Published August 17, 2012 - 11:20am
All have been used to describe what any SEC football fan thinks of South Carolina defensive end Jadeveon Clowney. His God-given athleticism impressed NFL scouts even in high school.
At 6-6, 265 pounds, there isn’t a lot to dislike about the freak athlete from Rock Hill, South Carolina. He is the total package for a defensive lineman.
He was the most hyped recruit in 2011, and he’s the best prospect at the position in a number of years out of high school. Ask any recruiting analyst how current No. 1 prospect and defensive lineman Robert Nkemdiche compares to Clowney. Most would say he’s close but just not as explosive as Clowney.
Explosive is another good adjective.
Clowney’s rookie stats were indeed explosive. He arrived on the scene with 12 tackles-for-loss, eight sacks and five forced fumbles. Mind you, he wasn’t a starter, and senior Melvin Ingram overshadowed his contribution with his crazy senior year.
The scary thing about Clowney version 1.0 is that he didn’t even grasp the defense. He was playing tentatively and playing not to make a mistake, rather than knowing the defense and playing fast. He’s starting to combine his athleticism with fundamentals and technique.
Steve Spurrier and his staff are set to cut Clowney loose in 2012, as Spurrier expressed at Media Days that they restrained him at times last year.
“I think we held Jadeveon Clowney back a little last year”, Spurrier said.
Spurrier has said he wants to put Clowney in the best situation to rush the quarterback as possible. He played exclusively at rush end in 2011, but the coaching staff toyed with moving Clowney inside during the spring. And the latest evolution is that Clowney will see some time at middle linebacker, too.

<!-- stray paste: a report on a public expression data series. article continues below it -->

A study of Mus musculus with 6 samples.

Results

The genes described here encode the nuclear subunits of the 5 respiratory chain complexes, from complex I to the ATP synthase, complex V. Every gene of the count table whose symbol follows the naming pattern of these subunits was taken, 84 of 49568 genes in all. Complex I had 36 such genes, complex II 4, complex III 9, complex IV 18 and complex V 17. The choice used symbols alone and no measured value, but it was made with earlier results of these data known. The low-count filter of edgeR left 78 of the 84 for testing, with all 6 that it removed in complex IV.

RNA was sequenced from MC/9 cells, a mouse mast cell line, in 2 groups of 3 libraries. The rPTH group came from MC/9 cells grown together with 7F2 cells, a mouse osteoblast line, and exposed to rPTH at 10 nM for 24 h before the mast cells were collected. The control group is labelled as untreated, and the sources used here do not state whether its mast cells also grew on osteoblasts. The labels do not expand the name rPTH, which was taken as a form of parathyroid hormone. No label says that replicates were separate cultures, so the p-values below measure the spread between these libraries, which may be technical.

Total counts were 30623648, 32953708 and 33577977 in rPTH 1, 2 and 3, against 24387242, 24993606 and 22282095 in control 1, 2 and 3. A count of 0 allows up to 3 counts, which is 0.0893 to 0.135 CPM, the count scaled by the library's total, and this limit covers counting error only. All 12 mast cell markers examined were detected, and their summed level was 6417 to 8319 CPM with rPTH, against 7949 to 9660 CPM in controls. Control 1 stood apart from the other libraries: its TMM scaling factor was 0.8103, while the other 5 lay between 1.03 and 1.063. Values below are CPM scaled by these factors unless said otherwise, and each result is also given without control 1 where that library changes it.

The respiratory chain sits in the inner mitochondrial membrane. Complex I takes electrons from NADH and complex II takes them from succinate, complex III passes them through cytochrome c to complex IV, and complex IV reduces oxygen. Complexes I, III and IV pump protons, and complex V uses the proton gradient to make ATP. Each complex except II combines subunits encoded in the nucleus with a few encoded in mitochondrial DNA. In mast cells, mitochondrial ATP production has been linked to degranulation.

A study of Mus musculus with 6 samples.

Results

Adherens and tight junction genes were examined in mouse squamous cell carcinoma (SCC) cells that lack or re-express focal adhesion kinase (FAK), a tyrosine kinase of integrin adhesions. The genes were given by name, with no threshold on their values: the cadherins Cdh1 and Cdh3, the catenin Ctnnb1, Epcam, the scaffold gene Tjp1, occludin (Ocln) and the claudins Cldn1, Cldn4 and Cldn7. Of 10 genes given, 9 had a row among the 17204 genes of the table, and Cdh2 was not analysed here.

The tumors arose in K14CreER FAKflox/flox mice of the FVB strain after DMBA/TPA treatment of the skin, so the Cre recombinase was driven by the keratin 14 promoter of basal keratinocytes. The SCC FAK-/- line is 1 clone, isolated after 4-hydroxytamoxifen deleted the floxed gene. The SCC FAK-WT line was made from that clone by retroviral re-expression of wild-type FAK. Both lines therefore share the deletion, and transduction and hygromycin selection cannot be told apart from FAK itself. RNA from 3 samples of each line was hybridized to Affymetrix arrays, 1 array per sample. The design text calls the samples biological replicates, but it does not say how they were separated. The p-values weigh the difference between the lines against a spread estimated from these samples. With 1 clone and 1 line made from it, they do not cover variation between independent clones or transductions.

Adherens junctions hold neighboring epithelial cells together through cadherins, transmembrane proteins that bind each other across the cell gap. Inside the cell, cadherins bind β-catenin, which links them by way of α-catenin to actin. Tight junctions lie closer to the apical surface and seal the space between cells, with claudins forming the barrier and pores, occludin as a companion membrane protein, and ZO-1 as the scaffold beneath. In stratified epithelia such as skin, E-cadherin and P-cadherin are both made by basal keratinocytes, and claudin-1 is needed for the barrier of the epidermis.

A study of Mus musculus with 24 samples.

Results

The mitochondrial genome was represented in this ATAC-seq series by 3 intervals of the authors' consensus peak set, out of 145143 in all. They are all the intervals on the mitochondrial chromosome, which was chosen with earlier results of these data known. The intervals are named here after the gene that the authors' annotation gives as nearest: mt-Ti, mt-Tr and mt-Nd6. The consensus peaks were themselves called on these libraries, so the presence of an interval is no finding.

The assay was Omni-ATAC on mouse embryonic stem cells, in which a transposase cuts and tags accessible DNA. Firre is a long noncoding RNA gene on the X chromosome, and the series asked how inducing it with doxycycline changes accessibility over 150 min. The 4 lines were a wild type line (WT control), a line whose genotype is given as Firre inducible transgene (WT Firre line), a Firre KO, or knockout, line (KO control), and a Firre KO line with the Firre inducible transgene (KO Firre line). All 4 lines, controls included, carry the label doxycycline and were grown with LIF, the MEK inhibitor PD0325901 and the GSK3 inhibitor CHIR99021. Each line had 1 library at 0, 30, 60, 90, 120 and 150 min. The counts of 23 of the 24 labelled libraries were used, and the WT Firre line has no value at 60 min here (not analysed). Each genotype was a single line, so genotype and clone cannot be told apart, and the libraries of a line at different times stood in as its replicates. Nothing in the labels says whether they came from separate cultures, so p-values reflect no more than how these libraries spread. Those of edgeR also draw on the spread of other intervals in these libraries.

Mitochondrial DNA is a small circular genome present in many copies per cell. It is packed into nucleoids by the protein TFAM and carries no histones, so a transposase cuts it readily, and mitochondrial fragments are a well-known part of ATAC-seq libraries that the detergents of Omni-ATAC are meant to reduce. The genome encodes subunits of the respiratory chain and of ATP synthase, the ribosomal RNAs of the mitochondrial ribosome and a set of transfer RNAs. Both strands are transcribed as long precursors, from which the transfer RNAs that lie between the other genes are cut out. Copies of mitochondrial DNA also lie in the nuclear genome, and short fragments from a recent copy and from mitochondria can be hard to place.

“We’re going to move him all over the place,” Spurrier said. “I think our opponents know that. We’ve got to put him where, hopefully, most of the time he’s one-on-one with somebody. We did that somewhat with Melvin. Maybe could have done it even a little bit more with Melvin inside because he’s very quick, like Jadeveon, certainly.
“Yeah, we’re going to teach him some middle linebacker. There’s all kinds of things you can do, as long as you’ve got 11 of them out there. It’s a pass rush game almost now, as everybody knows.”
Okay, so, maybe it won’t be a true middle linebacker, but it will indeed be a variation of the position in different formations.
Ingram, too, lined up inside at tackle, as well as end, on certain passing situations last year and wreaked havoc. He gave interior offensive linemen fits with his agility and quickness. Clowney should be even better when he plays inside.
But not many defensive ends buy into moving on the interior of the line. Defensive ends are in charge of containment of the quarterback. At tackle, Clowney is free to bull rush the quarterback with little to no discipline. Clowney began to buy into the position during spring.
He’s drawn comparisons to several NFL defensive ends such as Jason Pierre-Paul, Julius Peppers and Mario Williams.
Clowney’s biggest asset this year, aside from his own ability, is that fact that he is lining up opposite fellow defensive end Devin Taylor. Taylor and Clowney combined will terrorize SEC offensive lines and quarterbacks, and they very well could prove to be the best defensive end combo in the country. That label currently belongs to LSU ends Sam Montgomery and Barkevious Mingo. But look for Clowney to grow into being the most dominant defensive end in the SEC this year.
Jadeveon Clowney 2.0 is coming to a stadium near you.